Shade’s Strategic Plan for Serving People with Albinism
Shade is in a time of expansive growth!
Our vision is the Shade Campus: a place of hope and holistic care for vulnerable people and people with albinism. We are currently developing our 10.5-acre plot of land and seeing that vision come to life!
The Shade Campus is inclusive. We welcome all people, and structure ministry to create change for people with albinism both directly and indirectly.
In order to combat the stigmatization and segregation of people with albinism in the greater society, we knew that it was critical to launch and operate a school known for its quality of education rather than its focus on a particular people group. We strategically began with outreach to children in our community and started a preschool program that did not include students with special needs. As Shade School’s reputation has grown in the community, children with albinism have been incorporated into the student body.
Shade Pre and Primary School was officially registered in 2021, and it has grown to include five grade levels so far: two preschool levels, pre-unit (kindergarten), standard one, and standard two. We plan to add one grade level each school year, increasing the capacity on campus with new buildings and new staff as we grow. Though this is a huge task, God is faithful and Shade continues to grow. He has given us favor, and we are becoming more and more established as a positive presence in our community that is welcoming of all children.
We have gradually been increasing the number of students with albinism and other vulnerable students receiving scholarships at Shade School. So, while you won’t see classrooms full of kids with albinism in our photos or updates, you will see a group who are now getting the love and education, and a place among their peers, that is often not available to them.
We are also actively working to create change for people with albinism in several other ways. First, as a person with albinism, Tanzanian Country Director John Migila serves as an advocate and role model simply by being in his current role. As a leader, he shows the community that people with albinism can achieve and lead. When interacting with Shade School students, he is showing the next generation that people with albinism are just like anyone else, which will help shape their views as they get older. When working with the government, John is able to represent both people with albinism and Shade.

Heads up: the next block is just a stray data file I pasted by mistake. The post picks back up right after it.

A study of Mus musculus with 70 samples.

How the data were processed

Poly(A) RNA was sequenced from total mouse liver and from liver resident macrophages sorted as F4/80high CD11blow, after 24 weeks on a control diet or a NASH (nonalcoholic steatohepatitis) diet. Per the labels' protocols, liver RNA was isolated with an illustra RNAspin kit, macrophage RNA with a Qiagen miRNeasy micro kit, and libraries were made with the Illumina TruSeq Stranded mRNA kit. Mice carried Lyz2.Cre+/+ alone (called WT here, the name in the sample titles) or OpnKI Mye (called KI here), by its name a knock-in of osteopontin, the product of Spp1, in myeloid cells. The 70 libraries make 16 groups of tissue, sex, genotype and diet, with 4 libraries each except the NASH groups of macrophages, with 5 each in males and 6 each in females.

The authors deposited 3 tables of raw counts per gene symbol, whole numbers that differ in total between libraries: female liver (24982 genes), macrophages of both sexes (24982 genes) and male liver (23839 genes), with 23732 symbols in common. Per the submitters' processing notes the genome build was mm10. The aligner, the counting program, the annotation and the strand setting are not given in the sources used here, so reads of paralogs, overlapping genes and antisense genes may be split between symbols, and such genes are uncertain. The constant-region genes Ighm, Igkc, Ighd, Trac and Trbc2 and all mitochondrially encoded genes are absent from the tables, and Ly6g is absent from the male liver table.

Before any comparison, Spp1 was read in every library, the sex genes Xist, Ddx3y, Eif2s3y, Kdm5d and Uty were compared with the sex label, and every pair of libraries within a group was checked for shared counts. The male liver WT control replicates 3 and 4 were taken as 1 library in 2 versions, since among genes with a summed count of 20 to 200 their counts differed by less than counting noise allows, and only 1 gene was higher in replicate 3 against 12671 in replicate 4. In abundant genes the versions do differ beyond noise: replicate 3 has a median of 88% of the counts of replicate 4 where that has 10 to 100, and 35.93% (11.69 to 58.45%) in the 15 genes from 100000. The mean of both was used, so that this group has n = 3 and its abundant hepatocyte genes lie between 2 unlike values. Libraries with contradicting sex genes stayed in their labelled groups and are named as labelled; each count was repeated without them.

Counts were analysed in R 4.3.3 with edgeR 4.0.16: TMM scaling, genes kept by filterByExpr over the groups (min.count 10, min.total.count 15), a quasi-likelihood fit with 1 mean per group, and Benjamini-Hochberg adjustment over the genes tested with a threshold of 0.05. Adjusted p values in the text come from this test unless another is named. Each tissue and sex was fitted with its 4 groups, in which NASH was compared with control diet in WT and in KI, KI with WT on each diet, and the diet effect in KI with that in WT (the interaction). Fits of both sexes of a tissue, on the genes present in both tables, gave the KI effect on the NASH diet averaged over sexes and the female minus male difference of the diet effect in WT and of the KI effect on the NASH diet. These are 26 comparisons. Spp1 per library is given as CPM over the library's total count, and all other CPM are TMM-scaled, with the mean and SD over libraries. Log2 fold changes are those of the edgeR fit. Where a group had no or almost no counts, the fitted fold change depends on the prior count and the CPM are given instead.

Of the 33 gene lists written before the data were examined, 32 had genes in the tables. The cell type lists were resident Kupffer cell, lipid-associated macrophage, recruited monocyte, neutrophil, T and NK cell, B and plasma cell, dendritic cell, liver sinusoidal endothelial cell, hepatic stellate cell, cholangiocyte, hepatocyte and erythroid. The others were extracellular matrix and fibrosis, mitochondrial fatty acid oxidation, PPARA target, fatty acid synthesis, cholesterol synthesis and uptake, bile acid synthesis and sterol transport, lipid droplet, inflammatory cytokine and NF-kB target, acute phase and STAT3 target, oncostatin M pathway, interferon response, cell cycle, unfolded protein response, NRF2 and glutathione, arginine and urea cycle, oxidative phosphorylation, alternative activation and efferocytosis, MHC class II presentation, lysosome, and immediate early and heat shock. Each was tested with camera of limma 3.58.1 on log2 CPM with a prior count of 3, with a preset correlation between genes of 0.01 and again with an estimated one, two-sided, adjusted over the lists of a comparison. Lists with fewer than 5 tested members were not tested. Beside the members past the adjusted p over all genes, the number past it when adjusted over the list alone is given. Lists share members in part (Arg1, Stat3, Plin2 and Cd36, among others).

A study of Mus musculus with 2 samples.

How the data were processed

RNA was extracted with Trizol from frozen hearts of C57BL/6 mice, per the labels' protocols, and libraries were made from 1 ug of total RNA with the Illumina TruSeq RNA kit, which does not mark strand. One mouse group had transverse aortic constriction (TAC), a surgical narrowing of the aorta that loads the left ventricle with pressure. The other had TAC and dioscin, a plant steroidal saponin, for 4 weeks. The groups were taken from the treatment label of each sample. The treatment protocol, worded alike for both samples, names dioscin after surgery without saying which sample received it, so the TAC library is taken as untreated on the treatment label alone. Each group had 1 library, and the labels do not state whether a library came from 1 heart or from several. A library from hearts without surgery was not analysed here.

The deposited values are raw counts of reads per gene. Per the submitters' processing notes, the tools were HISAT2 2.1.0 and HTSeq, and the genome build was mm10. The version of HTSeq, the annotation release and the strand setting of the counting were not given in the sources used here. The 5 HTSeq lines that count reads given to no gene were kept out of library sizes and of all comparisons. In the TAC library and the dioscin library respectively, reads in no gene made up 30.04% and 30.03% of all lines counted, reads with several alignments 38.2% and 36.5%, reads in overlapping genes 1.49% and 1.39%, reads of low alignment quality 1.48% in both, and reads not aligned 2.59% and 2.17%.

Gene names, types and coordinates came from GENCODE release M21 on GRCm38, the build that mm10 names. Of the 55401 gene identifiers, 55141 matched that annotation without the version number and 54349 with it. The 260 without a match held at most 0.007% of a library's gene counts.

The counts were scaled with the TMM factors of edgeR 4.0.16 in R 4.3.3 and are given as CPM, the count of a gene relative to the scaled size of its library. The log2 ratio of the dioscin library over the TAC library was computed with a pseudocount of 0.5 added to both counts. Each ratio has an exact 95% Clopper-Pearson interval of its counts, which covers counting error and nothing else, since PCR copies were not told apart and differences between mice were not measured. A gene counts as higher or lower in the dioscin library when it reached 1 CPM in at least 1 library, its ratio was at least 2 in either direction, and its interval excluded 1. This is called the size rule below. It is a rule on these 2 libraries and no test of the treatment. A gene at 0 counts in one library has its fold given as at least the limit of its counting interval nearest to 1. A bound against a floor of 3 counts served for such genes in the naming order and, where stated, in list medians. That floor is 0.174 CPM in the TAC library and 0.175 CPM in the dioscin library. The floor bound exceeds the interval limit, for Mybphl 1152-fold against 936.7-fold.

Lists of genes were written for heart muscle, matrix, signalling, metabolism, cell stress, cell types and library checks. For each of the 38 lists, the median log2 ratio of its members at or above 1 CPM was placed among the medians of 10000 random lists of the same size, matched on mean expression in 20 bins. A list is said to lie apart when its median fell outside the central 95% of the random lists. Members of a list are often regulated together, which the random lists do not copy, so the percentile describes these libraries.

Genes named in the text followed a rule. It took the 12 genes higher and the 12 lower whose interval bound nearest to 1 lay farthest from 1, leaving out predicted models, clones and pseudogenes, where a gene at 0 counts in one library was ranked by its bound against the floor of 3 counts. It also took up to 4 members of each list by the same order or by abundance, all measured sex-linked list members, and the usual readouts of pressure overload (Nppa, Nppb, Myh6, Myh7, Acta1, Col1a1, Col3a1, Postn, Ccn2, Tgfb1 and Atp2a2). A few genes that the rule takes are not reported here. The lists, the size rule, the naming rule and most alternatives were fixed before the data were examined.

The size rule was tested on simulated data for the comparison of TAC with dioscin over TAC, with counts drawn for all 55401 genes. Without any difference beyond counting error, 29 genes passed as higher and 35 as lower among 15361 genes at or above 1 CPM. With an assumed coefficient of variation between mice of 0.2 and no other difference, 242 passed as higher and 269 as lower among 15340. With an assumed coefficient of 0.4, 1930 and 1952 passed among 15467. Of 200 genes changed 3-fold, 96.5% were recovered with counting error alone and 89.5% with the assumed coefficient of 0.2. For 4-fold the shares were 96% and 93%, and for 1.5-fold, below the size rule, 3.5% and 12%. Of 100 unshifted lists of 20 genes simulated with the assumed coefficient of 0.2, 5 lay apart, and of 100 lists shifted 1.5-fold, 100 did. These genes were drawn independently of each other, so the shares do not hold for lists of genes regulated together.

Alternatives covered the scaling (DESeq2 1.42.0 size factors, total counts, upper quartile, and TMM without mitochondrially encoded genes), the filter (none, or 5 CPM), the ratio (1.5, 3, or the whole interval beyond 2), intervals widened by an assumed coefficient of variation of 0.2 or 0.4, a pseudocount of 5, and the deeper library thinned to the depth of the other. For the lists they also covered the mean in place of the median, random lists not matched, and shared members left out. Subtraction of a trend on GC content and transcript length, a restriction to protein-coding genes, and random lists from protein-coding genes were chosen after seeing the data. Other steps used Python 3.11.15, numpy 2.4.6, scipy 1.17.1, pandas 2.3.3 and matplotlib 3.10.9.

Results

Secondly, we advocate for people with albinism by holding seminars in our community, which educate people and help to dispel the myths surrounding albinism.
Additionally, we have an ongoing involvement, on a small scale, at the government center for children with albinism where we first served.
Finally, we strive to create ambassadors for people with albinism through the Community Club program. In this program, young adults learn the truth about albinism and take it back to their families and neighbors. They also receive training in life skills, gardening, making items to sell, and the Bible, so that they are equipped holistically to lead productive, independent lives.
Shade’s future dream? Primary school ends with 7th grade. In five years our second-graders will need a quality secondary school. Will God open the doors for Shade to extend its impact? We have already seen some interest from an adjacent landowner in selling a large parcel of land to Shade, and we are continuing to dream big!